As of this writing, the latest meme stock rally in ContextLogic (NASDAQ:WISH) stock appears to be running out of gas.
Starting June 1, this favorite of Reddit’s r/WallStreetBets subreddit, zoomed from $7.74 per share, to prices topping $15 per share.
But, after falling to $14.93 on June 29, it may be losing momentum, as traders that got in early cash out, instead of holding onto it with “diamond hands.” It will open today at around $13.17.
Is this all built on hope, or is there data pointing to this happening? As InvestorPlace’s Chris MacDonald wrote, it had 15% short interest as of that day.
Short volume data may indicate this percentage has gone up in subsequent trading days. The company’s prospects appear lukewarm at best. Mainly due to its guidance pointing to considerably lower levels of sales growth in the quarters ahead.
Yet, if the AMC and GameStop sagas have shown, it’s hype, momentum, and FOMO that drive meme stocks, not fundamentals.
If the Reddit set can generate enough interest from retail traders who missed out on prior waves and want their piece of the action, they may be able to send this to the moon.
But, given how quickly other recent targets of the Reddit trader army, like Clean Energy Fuels (NASDAQ:CLNE), and Clover Health (NASDAQ:CLOV), have run out of gas, this one may fail to launch as well.
WISH Stock Isn’t the Next AMC or GME
The argument whether ContextLogic shares can get squeezed like AMC or GameStop is not a complicated one.
Either retail traders pile in en masse, leaving short-sellers scrambling to cover their positions (at much higher prices) or, the shorts approach the situation with squeeze risk in mind, and the intention to wait for the speculators to blink first.
If the longs do blink first, it won’t be long before shares fall back down to earth.
Sure, you can dive into fundamentals, and argue why WISH stock has room to soar up to $20, $25, or even to its all-time high of $32.85 per share.
For example, InvestorPlace’s David Moadel recently laid out the case why it has more than meme stock status on its side. Much of the negativity around this stock is focused around the underwhelming guidance mentioned above.
But, as Moadel pointed out, slowing growth in the coming quarter doesn’t mean it’s permanently off the growth train. Things could pick up once again in subsequent quarters, helping to justify a move back to its prior price levels. Yet, while this is a possibility, it’ll likely not play out for several months.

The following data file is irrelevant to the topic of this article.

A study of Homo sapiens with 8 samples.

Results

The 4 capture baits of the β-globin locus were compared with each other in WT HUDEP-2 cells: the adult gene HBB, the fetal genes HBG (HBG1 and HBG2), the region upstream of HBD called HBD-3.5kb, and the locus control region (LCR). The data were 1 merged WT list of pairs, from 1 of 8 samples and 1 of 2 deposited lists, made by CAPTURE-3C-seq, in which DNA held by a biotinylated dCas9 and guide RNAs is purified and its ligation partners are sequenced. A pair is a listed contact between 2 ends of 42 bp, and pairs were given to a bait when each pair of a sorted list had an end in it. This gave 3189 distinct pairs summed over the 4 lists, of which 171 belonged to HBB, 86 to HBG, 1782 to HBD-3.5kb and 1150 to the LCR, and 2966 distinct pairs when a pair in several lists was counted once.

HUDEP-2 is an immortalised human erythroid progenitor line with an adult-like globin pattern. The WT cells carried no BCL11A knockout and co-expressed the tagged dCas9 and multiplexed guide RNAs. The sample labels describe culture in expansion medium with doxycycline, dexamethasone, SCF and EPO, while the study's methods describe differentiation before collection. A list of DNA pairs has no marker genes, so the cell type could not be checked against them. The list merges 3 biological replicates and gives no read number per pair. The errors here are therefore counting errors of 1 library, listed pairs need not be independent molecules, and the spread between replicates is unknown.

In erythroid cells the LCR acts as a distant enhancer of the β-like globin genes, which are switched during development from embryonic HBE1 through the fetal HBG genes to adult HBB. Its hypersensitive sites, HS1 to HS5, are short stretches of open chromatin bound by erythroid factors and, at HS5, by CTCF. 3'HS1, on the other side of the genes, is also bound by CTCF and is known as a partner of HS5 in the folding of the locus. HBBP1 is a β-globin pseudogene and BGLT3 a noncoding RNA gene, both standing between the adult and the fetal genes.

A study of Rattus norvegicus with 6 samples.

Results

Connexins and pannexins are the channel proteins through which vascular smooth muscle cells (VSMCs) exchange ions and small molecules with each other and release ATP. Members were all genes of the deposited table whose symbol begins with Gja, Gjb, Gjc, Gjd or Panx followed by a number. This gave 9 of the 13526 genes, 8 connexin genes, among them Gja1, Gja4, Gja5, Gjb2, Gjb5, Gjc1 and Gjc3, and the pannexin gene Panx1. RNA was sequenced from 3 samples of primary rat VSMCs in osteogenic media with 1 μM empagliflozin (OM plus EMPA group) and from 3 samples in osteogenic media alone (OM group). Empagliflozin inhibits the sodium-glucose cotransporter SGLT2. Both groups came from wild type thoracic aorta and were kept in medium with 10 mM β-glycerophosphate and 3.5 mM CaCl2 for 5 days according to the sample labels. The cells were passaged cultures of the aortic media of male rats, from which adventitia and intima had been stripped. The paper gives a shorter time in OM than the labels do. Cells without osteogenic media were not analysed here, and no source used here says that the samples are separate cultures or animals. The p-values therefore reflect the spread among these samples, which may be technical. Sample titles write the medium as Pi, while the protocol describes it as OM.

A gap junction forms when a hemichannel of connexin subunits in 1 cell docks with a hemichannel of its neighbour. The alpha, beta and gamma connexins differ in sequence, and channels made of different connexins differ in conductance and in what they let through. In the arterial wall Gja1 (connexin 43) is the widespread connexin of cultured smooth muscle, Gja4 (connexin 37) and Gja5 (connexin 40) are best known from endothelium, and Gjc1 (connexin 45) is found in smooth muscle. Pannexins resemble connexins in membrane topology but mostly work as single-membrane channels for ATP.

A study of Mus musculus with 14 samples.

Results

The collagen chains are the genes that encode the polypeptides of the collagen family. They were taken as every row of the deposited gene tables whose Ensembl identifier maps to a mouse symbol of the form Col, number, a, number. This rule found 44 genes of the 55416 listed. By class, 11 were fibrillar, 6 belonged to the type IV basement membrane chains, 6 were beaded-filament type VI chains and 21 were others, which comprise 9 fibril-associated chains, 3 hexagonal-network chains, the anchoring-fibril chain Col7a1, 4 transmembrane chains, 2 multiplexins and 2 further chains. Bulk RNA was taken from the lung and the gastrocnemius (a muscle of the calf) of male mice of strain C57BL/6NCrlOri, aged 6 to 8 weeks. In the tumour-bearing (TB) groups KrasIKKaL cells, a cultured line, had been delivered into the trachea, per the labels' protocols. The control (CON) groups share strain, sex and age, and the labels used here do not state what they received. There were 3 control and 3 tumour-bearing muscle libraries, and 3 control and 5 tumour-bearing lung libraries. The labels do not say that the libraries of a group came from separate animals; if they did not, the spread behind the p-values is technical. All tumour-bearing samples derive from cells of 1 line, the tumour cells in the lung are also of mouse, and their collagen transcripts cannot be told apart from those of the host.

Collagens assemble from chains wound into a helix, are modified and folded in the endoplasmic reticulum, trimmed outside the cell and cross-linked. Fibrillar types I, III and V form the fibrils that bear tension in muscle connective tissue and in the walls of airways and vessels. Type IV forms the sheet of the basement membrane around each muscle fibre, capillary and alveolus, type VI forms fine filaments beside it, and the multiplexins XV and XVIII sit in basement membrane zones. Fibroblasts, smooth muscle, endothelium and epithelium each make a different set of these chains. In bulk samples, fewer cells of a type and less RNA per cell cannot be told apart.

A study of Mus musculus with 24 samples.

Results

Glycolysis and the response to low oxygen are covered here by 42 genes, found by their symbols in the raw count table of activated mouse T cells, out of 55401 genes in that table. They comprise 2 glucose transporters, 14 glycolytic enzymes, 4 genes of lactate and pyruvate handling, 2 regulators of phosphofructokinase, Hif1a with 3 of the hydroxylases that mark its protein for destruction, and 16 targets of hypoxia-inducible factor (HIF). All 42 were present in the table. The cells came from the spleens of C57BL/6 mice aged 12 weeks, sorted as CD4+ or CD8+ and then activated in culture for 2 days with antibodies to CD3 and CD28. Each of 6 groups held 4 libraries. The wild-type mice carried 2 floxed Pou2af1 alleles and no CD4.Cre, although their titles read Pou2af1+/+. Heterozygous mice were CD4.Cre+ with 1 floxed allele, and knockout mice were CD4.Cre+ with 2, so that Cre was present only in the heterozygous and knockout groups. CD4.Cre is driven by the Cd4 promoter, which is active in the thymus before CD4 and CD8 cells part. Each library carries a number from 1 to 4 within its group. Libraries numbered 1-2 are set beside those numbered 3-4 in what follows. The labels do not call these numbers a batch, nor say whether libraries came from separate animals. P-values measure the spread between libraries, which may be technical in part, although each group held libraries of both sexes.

In the meantime, it’s all up to the Reddit set to send it higher. But, the way things are playing out in similar names, chances are it’s going to head lower.
Similar to Other Waning Squeeze Plays
With the exception of AMC, the other meme stocks that popped a few weeks back have started to trend downward.
This signals to me that this latest wave has run out of gas, and that WISH stock will continue pulling back along with the rest.
There’s not much that differentiates this would-be squeeze play from the rest of the pack. Yes, it may have exposure to a long-term megatrend (e-commerce), but, so does CLNE stock (renewable energy).
Its short interest may be trending higher, but plenty of meme stocks, including CLOV, already have much higher levels of short interest. This hasn’t prevented their rallies from running out of momentum.
This particular short-squeeze situation may be grabbing more headlines. Yet, there’s little you can point to that says that the attempted squeeze here will play out on a level on par with AMC and GameStop.
The Bottom Line
The slowing growth this company’s e-commerce platform is set to experience could prove to be a short-term hiccup in hindsight.
Several quarters from now, it could be firmly back on the growth train. This may pave the way for it to pull off a rebound, but in terms of its potential to get memed to the moon in the near-term? All bets are off.
More likely than not, WISH stock will follow the lead of other aspiring short-squeeze plays. In other words, it will drift its way back to single-digit price levels.
On the date of publication, Thomas Niel did not have (either directly or indirectly) any positions in the securities mentioned in this article. The opinions expressed in this article are those of the writer, subject to the InvestorPlace.com Publishing Guidelines.
Thomas Niel, a contributor for InvestorPlace.com, has been writing single-stock analysis for web-based publications since 2016.